Dirty COW (CVE-2016-5195) is a privilege escalation vulnerability in the Linux Kernel, which allows an unprivileged local user to gain write access to otherwise read-only memory mappings, and thus increases their privileges on the system.
The vulnerability is nicknamed Dirty COW because the issue is caused by a race condition in the way kernel handles copy-on-write(COW), an optimization strategy used in computer programming. The fundamental idea is that if multiple callers ask for resources which are initially indistinguishable, you can give them pointers to the same resource. This function can be maintained until a caller tries to modify its “copy” of the resource, at which point a true private copy is created to prevent the changes becoming visible to everyone else. Here the copy-on-write implementation is broken so that programs can end up in a race condition and allowing a non-privileged user to alter root-owned files and setuid executables.
A Linux kernel version since 2.6.22 is affected by this vulnerability. A detection script can be used to determine vulnerable kernel versions on Red Hat Enterprise Linux and CentOS. The vulnerability is addressed in Linux kernel versions 4.8.3, 4.7.9, and 4.4.26 and Ubuntu, Redhat and Debian have released patches.
Proof of concept in detail:
Trying PoC (Kernel crash) on a Centos 7 Operating System:
- Checking whether the Centos 7 kernel version is vulnerable to Dirty COW or not (Linux kernel version since 2.6.22)
Found the vulnerable kernel version.
- Ping result to the above machine before trying dirty cow PoC
- Logged in as a local user and trying to write to a file (the file taken here is /lib64/libc.so.6), for which user has only read permission
- Running the dirty cow PoC on Centos 7 as a local user, which is trying to write to the above-mentioned file and it results in kernel crash after few minutes. The PoC (dirtycow-mem.c) used here is taken from https://github.com/dirtycow/dirtycow.github.io/blob/master/dirtyc0w.c. For more PoC’s, refer https://github.com/dirtycow/dirtycow.github.io/wiki/PoCs
- Ping result to the above machine after trying running PoC
Kernel crashed, which confirms the PoC worked.
How the PoC works?
- Here a root-owned executable file is opened in read-only mode
- mmap function is called, which maps the file into a new memory area. Permission flag shows mapped file is read only, and map_private flag enables copy on write mechanism so that everyone has a single shared copy of the same data until it’s written, and then a copy is made.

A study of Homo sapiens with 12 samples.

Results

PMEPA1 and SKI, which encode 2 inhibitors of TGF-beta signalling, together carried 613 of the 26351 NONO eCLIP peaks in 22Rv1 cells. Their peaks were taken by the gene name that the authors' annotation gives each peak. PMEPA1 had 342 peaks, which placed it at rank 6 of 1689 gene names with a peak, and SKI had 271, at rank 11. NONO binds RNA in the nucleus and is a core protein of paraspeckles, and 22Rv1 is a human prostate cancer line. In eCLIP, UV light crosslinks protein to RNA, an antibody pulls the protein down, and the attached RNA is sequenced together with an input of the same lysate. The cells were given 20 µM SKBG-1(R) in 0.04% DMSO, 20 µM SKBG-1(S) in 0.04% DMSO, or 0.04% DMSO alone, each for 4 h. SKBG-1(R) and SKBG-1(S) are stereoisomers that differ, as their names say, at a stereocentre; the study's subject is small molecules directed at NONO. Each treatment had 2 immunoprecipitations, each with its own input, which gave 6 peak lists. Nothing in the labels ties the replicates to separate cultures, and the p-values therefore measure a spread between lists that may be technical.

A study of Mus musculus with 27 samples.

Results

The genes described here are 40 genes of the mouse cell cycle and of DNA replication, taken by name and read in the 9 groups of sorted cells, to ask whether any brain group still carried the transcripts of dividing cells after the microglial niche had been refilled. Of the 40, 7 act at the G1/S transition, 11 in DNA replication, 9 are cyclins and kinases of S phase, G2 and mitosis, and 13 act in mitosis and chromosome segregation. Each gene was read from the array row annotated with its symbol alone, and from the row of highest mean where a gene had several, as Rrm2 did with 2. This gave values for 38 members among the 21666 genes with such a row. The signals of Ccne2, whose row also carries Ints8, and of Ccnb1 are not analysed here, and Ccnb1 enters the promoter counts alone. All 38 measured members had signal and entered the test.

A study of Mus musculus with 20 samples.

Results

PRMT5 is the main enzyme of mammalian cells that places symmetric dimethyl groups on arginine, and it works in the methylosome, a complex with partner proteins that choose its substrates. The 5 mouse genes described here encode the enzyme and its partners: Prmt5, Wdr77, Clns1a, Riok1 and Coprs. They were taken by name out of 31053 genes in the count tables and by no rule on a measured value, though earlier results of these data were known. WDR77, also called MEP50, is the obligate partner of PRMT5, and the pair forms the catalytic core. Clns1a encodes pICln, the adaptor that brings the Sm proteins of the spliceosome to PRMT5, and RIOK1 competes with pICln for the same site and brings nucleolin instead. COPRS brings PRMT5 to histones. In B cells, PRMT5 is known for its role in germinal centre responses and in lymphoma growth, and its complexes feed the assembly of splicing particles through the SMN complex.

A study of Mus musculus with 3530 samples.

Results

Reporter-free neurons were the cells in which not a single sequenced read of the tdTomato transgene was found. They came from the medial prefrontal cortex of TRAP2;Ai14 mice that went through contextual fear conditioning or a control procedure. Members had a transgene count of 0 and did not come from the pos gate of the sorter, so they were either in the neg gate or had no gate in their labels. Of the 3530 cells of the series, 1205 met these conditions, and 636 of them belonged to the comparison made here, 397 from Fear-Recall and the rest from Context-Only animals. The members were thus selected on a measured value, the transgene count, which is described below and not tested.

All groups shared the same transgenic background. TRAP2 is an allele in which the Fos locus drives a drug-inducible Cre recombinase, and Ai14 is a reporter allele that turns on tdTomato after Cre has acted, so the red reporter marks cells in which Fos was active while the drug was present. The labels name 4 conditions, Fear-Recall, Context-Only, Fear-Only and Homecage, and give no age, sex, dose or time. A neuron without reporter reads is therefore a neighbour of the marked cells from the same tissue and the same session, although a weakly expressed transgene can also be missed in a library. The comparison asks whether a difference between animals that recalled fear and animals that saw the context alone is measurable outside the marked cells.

- Next, 2 threads are started which will run in parallel. Dirty cow is a race condition on ability, certain events have to occur in a particular order. Here both threads are “racing” to access/change the data.
- madwiseThread calls madvise function repeatedly on that mapping with advice value MADV_DONTNEED set, which tells the kernel that the memory area that we mapped the file to is probably not needed soon or do not expect access in the near future. (For the time being, the application is finished with the given range, so the kernel can free resources associated with it.)
- procselfmemThread opens a special file /proc/self/mem with read-write access which is the representation of the current process memory. Using normal seek and write operations, you then repeatedly overwrite part of your own memory that’s mapped to the root-owned executable. The overwrite shouldn’t affect the executable on disk.
- Because of race condition issue, trying these over and over again (madvise function tells the kernel to discard the pages holding the mapped area and calling this while writing to /proc/self/mem) will eventually lead to an inconsistent state where the pages holding the mapped executable are removed and a write is attempted to the memory area. These changes are committed by the kernel to storage.
Impact of Dirty COW:
The Dirty vulnerability allows an unprivileged local user to modify files, bypassing the standard permission mechanisms thus leading to privilege escalation on the system. Once the attacker has control over the system as a normal user, he can use an exploit which uses this vulnerability to gain full control of a Linux system and can install malware and steal data etc.
And another problem with Dirty COW is that it is almost impossible to detect by Antivirus or any security software and no evidence left for the actions taken once it is exploited. The real risk of the vulnerability is when user level access, as well as code execution ability, exists on the device.